The philosophy programme this year continues with our popular introductory course which gives an overview of the subject; we also offer a course that considers the nature of human existence, and a pair of courses that examine the issues surrounding moral philosophy.
What makes an action right? How should one live? What kind of person should one be? How are individual morality and social justice connected? This introductory course is for anyone who is intrigued by ethics and interested in moral issues. No prior knowledge of philosophy is required.
This course explores key existentialist concepts, such as freedom, responsibility, angst, marginalisation, the Absurd and the life of encounter. It will cover the philosophers Søren Kierkegaard, Friedrich Nietzsche, Jean-Paul Sartre, Albert Camus, Simone de Beauvoir and Martin Buber. Come along and discuss what it is like to be human! No previous knowledge of philosophy will be assumed.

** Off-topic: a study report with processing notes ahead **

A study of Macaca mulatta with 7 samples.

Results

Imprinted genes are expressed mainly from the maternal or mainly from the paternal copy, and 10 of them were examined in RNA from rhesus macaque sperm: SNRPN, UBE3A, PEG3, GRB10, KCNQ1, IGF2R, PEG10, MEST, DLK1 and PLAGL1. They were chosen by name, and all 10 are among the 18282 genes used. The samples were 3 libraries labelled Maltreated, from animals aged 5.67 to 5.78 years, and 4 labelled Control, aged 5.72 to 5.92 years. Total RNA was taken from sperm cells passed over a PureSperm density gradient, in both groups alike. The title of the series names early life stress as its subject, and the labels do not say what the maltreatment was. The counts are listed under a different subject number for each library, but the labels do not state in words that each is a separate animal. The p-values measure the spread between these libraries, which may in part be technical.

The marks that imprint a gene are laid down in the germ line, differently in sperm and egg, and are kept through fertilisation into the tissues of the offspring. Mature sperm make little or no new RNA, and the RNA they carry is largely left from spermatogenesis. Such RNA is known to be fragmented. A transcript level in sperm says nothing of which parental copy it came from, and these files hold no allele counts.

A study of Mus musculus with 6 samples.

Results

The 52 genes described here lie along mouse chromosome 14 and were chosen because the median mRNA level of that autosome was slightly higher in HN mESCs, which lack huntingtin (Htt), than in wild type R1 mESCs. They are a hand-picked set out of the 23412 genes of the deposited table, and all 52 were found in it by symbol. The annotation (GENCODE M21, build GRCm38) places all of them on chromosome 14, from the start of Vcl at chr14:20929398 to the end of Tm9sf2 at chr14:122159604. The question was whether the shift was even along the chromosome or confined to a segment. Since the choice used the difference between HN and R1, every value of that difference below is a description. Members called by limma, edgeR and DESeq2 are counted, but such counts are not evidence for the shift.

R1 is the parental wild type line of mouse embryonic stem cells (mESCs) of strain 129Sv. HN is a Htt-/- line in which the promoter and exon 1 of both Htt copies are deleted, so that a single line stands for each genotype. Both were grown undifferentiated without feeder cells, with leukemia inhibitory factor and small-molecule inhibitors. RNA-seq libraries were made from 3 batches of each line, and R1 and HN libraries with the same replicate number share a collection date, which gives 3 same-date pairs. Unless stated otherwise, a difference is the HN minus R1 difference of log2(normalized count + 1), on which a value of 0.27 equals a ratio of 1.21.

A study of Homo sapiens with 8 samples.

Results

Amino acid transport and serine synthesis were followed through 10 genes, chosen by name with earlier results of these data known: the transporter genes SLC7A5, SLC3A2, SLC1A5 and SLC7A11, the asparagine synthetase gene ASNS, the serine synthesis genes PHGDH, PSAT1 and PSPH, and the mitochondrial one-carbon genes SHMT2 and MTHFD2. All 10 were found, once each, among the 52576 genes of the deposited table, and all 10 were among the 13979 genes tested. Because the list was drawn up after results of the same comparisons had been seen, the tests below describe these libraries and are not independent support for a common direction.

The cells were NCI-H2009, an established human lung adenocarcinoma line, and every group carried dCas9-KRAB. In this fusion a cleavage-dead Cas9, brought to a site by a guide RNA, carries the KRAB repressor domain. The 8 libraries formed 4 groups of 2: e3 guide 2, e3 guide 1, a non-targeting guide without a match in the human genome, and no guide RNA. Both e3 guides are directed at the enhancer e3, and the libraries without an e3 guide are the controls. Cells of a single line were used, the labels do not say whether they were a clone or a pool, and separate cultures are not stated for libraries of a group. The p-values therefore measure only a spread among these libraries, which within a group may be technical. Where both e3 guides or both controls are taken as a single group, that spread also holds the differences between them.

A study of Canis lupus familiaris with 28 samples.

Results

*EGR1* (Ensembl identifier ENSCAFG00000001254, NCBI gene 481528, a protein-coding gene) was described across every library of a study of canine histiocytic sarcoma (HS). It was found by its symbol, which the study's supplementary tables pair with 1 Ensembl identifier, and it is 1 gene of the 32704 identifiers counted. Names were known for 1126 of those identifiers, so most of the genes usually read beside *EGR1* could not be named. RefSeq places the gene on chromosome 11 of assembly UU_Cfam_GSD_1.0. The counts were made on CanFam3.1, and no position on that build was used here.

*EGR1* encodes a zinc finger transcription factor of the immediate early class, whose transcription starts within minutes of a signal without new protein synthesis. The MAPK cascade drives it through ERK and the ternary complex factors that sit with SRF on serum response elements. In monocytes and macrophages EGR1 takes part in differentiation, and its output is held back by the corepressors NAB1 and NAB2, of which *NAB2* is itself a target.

Can consequentialism survive its critics? Can Kantians successfully defend ethical rationalism? Or must morality be grounded in human sentiment? This course explores in greater depth themes introduced in Introducing Moral Philosophy, enabling students to consolidate, extend and deepen their understanding. The course focuses primarily on ethical theory in the western analytic tradition but may include complementary topics from moral psychology, metaethics and applied ethics. Students ideally should have taken Introducing Moral Philosophy or equivalent but no other knowledge of philosophy is assumed.